14 December 2007

South Africa: Gender Parity Loses Out to Party Politics

Johannesburg — WHATEVER it was that pushed President Thabo Mbeki to pursue gender parity in the African National Congress (ANC) and the government has arguably done the most for women in the state and the party.

Under Mbeki's stewardship, the ANC's female quota increased to 30%. The party is expected to increase this 50% at its upcoming elective conference.

The president has appointed no fewer than 12 women cabinet ministers and four female premiers.

There has also been an increase in the number of female mayors across the country. Moreover, Mbeki has said on record that he would not mind being succeeded by a woman.

Meanwhile in the private sector, women business leaders such as Gloria Serobe, Wendy Luhabe and Danisa Baloyi have moved into prominent and powerful executive positions.

Experts say there is also a real and legitimate struggle -- both inside the ANC and in society -- to ensure that women and gender issues inform not only discourse but policy and action.

It is men who pontificate on the downtrodden status of women, knowing that women form the majority of the electorate.

At its worst, the politics of representation becomes nothing more than cynical appropriation.

Mbeki's critics have slammed his appropriation of the gender question as a cynical attempt to build a power base and to advance narrow class interests. The Congress of South African Trade Unions (Cosatu) says that Mbeki cares little for the plight of unemployed women, female workers and HIV-positive women.

The president's denialism around HIV-AIDS, which presents a largely female face in SA, gives currency to the argument. Mbeki's shock defeat in the party's presidential nomination of the ANC Women's League (ANCWL) gives rise to the question of whether Mbeki's gender tactics have paid off.

Judging by the reaction of the main beneficiaries during his presidency -- largely female cabinet ministers and businesswomen -- the ANCWL's position ahead of the party conference in Limpopo came as a huge blow.

The league had been expected not only to back Mbeki, but also to push for greater gender parity on the ANC's top brass. However, what the league's decision has revealed is that the women are themselves divided and would rather vote for men when it comes to the party's presidency.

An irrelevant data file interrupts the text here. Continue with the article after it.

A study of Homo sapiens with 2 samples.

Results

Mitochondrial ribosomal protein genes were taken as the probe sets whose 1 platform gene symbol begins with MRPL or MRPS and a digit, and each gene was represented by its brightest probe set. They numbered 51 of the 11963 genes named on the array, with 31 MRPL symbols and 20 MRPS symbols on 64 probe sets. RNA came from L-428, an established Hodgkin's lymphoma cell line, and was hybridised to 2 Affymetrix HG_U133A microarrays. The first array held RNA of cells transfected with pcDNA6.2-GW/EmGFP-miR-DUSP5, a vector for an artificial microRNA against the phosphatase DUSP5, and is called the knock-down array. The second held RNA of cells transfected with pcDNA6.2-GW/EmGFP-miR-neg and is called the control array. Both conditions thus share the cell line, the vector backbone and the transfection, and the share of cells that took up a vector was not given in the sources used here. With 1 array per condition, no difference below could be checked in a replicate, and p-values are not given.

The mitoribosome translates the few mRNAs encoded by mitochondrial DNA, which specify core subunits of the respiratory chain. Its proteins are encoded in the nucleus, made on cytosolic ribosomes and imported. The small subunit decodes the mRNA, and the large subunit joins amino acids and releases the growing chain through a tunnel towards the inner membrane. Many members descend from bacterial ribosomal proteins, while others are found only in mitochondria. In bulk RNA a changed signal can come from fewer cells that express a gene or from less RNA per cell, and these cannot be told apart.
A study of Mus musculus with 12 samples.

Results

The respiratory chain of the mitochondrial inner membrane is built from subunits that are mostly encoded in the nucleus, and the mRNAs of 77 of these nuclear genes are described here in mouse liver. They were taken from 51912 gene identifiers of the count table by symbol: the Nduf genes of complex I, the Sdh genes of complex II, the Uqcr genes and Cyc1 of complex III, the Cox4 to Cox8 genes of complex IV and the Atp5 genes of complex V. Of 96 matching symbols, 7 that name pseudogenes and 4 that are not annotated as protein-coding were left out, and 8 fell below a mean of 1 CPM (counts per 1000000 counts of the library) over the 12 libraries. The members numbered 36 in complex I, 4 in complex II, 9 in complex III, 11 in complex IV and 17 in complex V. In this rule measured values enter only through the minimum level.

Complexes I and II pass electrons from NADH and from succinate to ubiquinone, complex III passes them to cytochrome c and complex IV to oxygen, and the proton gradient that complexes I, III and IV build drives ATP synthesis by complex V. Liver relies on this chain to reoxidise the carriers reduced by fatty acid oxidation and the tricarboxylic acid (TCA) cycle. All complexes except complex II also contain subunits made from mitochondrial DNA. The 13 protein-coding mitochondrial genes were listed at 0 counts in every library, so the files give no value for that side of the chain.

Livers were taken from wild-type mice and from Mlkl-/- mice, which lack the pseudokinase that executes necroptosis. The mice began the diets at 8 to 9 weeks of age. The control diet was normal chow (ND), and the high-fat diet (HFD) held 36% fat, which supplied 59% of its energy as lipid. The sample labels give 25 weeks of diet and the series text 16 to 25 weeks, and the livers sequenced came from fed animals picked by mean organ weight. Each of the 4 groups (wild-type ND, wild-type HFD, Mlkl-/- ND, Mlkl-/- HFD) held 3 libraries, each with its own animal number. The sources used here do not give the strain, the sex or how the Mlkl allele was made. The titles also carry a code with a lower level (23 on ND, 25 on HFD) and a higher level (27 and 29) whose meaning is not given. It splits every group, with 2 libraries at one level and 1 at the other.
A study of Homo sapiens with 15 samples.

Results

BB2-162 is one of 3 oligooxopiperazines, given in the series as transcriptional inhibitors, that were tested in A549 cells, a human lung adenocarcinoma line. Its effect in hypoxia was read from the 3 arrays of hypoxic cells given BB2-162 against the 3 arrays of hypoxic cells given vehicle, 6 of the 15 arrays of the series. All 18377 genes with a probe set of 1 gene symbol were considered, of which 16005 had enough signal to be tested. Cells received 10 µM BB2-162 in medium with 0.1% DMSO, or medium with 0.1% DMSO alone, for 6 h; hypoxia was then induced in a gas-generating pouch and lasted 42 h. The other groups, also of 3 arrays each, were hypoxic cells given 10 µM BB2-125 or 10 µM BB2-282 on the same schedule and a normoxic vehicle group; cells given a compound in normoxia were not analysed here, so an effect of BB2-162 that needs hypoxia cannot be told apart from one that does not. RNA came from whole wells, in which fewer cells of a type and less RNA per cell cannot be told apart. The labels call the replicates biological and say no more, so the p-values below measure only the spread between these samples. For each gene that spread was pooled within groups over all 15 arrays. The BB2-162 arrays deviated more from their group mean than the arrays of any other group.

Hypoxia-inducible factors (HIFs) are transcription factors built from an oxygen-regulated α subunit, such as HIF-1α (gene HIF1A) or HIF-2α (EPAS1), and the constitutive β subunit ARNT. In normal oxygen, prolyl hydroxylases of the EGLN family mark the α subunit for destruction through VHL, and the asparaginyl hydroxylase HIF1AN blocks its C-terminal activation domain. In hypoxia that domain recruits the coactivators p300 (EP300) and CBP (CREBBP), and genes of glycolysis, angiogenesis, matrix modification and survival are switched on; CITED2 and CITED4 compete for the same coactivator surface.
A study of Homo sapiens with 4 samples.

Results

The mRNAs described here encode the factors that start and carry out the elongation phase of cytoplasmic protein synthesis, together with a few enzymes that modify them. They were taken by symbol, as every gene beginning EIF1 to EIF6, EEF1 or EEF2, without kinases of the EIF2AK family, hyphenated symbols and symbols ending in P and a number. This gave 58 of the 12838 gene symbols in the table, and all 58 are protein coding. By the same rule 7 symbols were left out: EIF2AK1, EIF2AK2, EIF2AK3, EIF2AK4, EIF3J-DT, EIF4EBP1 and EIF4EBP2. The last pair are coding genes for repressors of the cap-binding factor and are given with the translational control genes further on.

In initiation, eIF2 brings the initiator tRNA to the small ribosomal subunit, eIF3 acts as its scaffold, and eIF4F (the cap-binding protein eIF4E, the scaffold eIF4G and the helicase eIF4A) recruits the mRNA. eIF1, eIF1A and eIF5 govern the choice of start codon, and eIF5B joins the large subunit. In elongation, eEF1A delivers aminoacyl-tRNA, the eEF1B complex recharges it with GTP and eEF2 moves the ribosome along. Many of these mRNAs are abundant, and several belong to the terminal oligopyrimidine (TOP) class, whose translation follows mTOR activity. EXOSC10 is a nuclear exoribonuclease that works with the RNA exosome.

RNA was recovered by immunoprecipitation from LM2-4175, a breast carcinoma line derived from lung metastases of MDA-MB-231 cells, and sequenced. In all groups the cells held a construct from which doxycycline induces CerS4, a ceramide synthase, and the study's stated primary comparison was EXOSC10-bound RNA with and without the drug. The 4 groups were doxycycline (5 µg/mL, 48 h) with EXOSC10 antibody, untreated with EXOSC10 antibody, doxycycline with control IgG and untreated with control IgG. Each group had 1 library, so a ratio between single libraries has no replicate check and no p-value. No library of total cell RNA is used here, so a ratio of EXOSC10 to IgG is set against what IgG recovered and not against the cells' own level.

While the women's league drama points to the weaknesses in Mbeki's gender offensive, his rival Jacob Zuma has so far done very little to quell allegations that he is socially conservative and not gender sensitive.

Mbeki's top six list is equally divided between men and women, whereas Zuma only has one woman in his top six.

Zuma's rape trial severely dented his reputation despite his being found not guilty. Given that the gender question has become a major faultline in the party, Zuma too realises the need for greater representation.

His supporters may push for a vote for a woman in the top six from the conference floor .

This ambivalence indicates that the gender question in the ANC is once again being sacrificed at the altar of power politics and patriarchy.

The poisoned atmosphere in the ANC, and the fact that the push for equity has happened through the prism of the party's presidential succession race, will decide whether the push for 50-50 representation will succeed in Polokwane.

The principle that a woman should lead the party and the country has long been accepted, but democratic legitimacy demands that one have a recognised support base. Female leaders are not exempt from this political reality.

Mbeki's lobbyists are hoping to reverse Zuma's early lead and ally the ANCWL behind the president. He already has the backing of league president Nosiviwe Mapisa-Nqakula.

It is rumoured that the league's delegation to the elective conference may be changed.

The conference vote will show whether Mbeki's appropriation of the gender question has paid off.